Virtual Roundtable: Employee Wellbeing in a Pandemic
Over the second half of last year, while the pandemic was in full force and uncertainty surrounded the working world, Synetec ran a series of virtual round table events to bring together leading executive suite professionals to discuss topical issues, share the challenges they’ve faced and the solutions that have worked in their companies.
With lockdowns, hybrid working and flexible furlough coming into play for businesses last year, our most recent roundtable event brought together a panel to discuss some of the challenging topics arising from this new way of working. Given we’ve just gone back into lockdown, this is an opportune moment to share some of the topics discussed and solutions that have worked to address the challenges.
Keeping high performers engaged whilst remote working
At the start of the first lockdown, the big priority was helping people to move to a new way of working, particularly if they hadn’t worked remotely before. There was a definite feeling of comradery through the initial stages, but as the year wore on, employees started to feel wearier being apart from their colleagues and suffered from ‘Zoom fatigue’. When it came to high performers, the big challenge to their motivation was the loss of interaction.
Under usual circumstances, high performers will hear a conversation or have something dropped on their desk that sparks their ideas and drives enthusiasm. The panellists also reported that the highest performers sometimes found online idea generation sessions difficult as it was hard to find their creative flow with the inevitable interruptions of screaming kids, barking dogs, drilling outside and connections dropping in and out.
As the understanding of technology platforms evolved and the needs of employees became clear, the panellists all agreed that the solution to keeping people engaged came down to one thing. Communication. Having the right communication strategy in place and incorporating a range of ways for teams to communicate was a gamechanger in keeping people engaged. Introducing paid time off to learn new skills or work on projects, holding Facebook Live sessions, sending pre-recorded messages, creating podcasts and using digital whiteboards were some of the new ways that businesses used to communicate with their people and are methods they intend to keep using in the future.
Supporting good mental health for remote workers
Whilst some employees relished remote working, for many it was an extremely difficult transition. For people who live alone, usual office life was their primary source of social interaction. It became really clear very early on that employees needed to feel supported and those who wanted to were able to comfortably reach out. Communication that happened naturally in workplaces, in the canteen or at the watercooler had to be replicated and become intentional.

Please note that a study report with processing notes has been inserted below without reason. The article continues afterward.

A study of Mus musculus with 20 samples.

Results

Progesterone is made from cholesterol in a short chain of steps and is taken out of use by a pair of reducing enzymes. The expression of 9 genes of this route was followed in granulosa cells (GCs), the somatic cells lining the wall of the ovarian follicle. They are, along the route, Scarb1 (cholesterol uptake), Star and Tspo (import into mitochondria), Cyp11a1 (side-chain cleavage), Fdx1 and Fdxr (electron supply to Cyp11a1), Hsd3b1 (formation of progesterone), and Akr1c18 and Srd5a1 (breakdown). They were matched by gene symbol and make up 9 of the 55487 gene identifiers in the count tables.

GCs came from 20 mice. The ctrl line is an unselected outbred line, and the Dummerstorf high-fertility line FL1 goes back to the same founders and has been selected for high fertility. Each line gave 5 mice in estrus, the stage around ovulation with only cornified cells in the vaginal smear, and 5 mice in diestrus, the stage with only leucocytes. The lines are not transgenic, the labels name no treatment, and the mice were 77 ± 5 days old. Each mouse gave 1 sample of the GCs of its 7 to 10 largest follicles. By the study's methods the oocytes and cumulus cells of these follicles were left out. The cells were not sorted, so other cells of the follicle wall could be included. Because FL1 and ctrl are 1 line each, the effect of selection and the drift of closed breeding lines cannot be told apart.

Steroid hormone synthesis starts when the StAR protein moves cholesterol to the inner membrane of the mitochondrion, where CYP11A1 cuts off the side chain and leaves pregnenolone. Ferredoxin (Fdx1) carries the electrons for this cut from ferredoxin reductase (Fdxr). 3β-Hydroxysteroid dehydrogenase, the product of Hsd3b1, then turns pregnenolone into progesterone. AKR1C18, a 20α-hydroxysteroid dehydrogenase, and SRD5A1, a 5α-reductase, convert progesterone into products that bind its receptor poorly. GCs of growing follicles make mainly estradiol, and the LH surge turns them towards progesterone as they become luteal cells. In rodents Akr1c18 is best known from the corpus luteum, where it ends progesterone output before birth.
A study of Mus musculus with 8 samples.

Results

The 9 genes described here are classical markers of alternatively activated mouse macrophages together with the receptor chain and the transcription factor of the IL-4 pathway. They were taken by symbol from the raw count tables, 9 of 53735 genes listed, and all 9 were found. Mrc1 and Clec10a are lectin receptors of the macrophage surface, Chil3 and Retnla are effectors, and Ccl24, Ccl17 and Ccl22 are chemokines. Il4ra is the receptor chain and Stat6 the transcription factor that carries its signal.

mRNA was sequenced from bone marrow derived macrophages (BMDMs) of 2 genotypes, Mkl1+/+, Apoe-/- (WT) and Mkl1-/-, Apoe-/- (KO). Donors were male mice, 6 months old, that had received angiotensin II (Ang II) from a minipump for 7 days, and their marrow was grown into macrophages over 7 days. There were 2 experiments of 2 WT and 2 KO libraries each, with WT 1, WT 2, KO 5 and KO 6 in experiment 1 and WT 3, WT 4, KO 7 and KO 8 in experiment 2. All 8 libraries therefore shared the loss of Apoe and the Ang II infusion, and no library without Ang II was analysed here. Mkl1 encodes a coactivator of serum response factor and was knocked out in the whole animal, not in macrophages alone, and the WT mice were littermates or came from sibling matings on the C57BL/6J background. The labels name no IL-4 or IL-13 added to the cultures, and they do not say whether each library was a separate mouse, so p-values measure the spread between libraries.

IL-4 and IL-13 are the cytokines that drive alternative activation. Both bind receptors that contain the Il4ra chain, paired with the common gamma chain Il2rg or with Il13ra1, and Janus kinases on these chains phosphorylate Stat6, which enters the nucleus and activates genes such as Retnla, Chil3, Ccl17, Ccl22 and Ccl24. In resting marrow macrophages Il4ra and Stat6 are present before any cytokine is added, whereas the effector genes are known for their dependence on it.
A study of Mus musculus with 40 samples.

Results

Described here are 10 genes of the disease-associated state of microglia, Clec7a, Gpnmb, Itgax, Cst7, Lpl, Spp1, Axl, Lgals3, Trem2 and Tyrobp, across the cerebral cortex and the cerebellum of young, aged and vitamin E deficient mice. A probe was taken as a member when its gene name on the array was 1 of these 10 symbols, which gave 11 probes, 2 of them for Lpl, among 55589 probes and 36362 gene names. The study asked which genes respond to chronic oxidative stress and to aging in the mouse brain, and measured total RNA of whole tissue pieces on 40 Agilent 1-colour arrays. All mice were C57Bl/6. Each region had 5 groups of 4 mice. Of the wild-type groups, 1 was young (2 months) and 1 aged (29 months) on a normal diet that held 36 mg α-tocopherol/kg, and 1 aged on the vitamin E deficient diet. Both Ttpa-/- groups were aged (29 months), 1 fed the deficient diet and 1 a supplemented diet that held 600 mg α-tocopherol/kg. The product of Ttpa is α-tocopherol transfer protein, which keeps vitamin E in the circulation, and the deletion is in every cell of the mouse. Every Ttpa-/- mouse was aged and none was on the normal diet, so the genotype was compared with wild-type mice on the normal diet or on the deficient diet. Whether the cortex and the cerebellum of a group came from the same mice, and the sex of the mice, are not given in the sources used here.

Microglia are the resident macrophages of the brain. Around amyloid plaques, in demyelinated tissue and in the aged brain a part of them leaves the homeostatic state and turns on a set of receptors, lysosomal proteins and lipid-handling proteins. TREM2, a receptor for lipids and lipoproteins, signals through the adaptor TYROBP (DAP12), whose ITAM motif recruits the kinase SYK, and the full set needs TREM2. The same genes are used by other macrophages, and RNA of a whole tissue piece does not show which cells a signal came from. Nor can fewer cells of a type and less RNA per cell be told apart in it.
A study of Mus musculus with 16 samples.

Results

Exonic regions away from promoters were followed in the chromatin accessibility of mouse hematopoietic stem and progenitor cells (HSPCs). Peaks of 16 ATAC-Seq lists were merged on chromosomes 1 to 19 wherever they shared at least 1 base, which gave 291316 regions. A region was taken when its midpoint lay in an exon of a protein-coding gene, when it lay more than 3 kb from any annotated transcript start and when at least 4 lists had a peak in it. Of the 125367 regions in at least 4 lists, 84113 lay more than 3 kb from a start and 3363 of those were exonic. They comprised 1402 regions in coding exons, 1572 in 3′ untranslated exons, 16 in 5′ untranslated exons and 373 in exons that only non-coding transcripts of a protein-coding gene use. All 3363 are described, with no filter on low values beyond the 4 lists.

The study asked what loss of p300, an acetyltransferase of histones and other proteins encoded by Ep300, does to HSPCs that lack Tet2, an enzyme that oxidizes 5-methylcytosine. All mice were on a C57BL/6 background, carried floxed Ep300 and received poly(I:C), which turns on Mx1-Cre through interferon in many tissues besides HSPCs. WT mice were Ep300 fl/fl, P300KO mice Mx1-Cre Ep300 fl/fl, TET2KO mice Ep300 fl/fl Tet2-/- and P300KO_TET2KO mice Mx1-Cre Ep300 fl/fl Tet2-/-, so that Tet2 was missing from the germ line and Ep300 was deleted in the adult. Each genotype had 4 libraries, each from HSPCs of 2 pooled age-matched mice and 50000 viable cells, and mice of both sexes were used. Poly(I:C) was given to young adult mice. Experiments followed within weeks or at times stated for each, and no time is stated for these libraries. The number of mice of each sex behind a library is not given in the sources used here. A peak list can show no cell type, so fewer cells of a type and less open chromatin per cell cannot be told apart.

Managers implemented checking in calls, where the main topic of conversation was just to ask ‘how are you’? ‘Video on’ policies were also reported to help with mental wellbeing as colleagues were able to see each other and provide some element of social interaction.
Our panellists also found that when they were able to have employees in the office, that face to face interaction gave them a big emotional boost and reenergised them. It was important to provide opportunities in a Covid safe way for colleagues to come into the office for an emotional recharge.
One company even had their senior management team drive out to the homes of those who were self-isolating to have socially distanced doorstep conversations. Ensuring people don’t feel alone is key and something all business leaders need to strive for within their organisations.
With more leaders aware of their team’s mental health than ever before, our panellists believe this has been one big positive to come out of the pandemic. Ideas and discussions on the topic have been at the forefront with a genuine desire to do the right thing.
What does the future hold?
With most businesses proving that they can work efficiently whilst remote, they feel prepared that they will probably never go back to a 5-day week in the office. With that said, the opportunity should always be there for colleagues to meet up socially or to spend time together in the office. The success of future ways of working has a heavy reliance on communication and technology. There must be a strong communications plan in place that incorporates varied, deliberate and structured messaging and the right technology must be utilised to support the desired communication outcomes.